Topic: I Must Learn to Like Myself
Past exhibition, from February 12-August 15, 2010.
A recent survey of works by Richard Lewer. Curated by Leafa Wilson.
History can be illuminated by looking back at one's own family's story, generation by generation-moves, job changes or losses, houses, illness, social expectations, class and religious fluctuations, the role of women, and so on... all the things that connect us to each other and to a community, which can be a place or a feeling. - Lucy R. Lippard, The Lure of the Local, Senses of Place in a Multicentered Society, p.23, The New Press, New York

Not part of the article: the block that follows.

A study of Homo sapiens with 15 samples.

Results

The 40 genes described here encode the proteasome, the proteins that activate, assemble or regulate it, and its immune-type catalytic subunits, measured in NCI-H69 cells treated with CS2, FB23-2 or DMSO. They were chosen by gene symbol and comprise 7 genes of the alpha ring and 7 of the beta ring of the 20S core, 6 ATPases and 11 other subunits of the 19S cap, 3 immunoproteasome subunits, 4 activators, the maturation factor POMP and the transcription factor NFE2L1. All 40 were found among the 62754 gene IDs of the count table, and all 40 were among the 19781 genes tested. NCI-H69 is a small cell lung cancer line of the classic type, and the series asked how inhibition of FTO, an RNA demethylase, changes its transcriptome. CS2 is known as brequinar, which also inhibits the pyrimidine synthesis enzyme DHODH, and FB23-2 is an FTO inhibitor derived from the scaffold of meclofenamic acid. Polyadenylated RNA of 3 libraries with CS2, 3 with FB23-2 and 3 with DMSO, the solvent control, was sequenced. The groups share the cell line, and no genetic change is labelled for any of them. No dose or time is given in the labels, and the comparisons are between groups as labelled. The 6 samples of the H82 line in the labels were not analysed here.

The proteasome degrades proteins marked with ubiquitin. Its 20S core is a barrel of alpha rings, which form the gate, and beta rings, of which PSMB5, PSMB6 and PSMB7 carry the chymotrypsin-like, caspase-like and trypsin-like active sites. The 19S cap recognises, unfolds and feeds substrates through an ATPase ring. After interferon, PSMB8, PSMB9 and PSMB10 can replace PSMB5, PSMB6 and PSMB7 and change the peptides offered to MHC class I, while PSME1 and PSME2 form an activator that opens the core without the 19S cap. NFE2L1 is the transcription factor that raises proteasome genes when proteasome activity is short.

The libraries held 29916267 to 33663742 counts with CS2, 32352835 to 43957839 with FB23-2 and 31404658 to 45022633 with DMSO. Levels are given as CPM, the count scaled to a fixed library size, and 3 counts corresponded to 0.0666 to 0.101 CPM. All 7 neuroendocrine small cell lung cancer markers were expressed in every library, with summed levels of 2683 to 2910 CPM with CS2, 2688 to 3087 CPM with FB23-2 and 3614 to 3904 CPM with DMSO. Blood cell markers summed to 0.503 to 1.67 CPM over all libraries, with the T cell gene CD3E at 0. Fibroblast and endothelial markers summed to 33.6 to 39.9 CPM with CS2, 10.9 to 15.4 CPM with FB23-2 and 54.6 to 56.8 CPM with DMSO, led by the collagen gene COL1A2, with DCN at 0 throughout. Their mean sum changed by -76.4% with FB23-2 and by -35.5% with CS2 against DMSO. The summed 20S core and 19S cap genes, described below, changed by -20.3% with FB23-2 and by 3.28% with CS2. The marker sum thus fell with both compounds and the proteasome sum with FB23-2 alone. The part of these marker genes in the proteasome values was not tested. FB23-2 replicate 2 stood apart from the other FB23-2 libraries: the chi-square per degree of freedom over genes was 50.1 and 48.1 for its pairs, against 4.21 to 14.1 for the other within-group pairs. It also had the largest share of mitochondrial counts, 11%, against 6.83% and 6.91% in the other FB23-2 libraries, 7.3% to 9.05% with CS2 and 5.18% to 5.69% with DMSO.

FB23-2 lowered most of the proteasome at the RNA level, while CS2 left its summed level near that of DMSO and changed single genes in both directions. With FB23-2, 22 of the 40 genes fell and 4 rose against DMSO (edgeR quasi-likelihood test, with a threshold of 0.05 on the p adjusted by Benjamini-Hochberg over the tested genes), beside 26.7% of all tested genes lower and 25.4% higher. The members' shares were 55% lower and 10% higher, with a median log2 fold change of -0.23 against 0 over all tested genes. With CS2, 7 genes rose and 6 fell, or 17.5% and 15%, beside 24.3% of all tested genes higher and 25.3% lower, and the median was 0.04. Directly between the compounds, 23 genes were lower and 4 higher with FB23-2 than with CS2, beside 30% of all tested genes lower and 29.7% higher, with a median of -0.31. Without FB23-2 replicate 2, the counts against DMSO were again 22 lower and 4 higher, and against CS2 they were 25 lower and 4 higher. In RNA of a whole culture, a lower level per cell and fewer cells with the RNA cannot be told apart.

Richard Lewer is a stalker in his own life and in the lives of all humans. Basing works on non-fictional events and people, all the while retaining little bits of information to allow us to think about similarities between our own experience and his. His ability to evoke a mood with child-like writing or through the monochromatic drawing of a nun or strangely familiar family portraits, is what makes Lewer, the local Hamiltonian, international. Lewer's figurative stylisation has the deceptive facade of naïve or bad art, but his works are actually highly controlled compositions, opening up tapu* subjects like death, missing persons, stalking, voyeurism and confessional disclosure (in police interviews and Catholic confessionals). Each subject in its own way signifies major concepts that can be traced throughout all of his works. Skill, discipline and training: goal-orientation each become trope by which ideas of strain and effort to perform or to obtain a goal be it godly or criminal, are manifested in the art of Richard Lewer.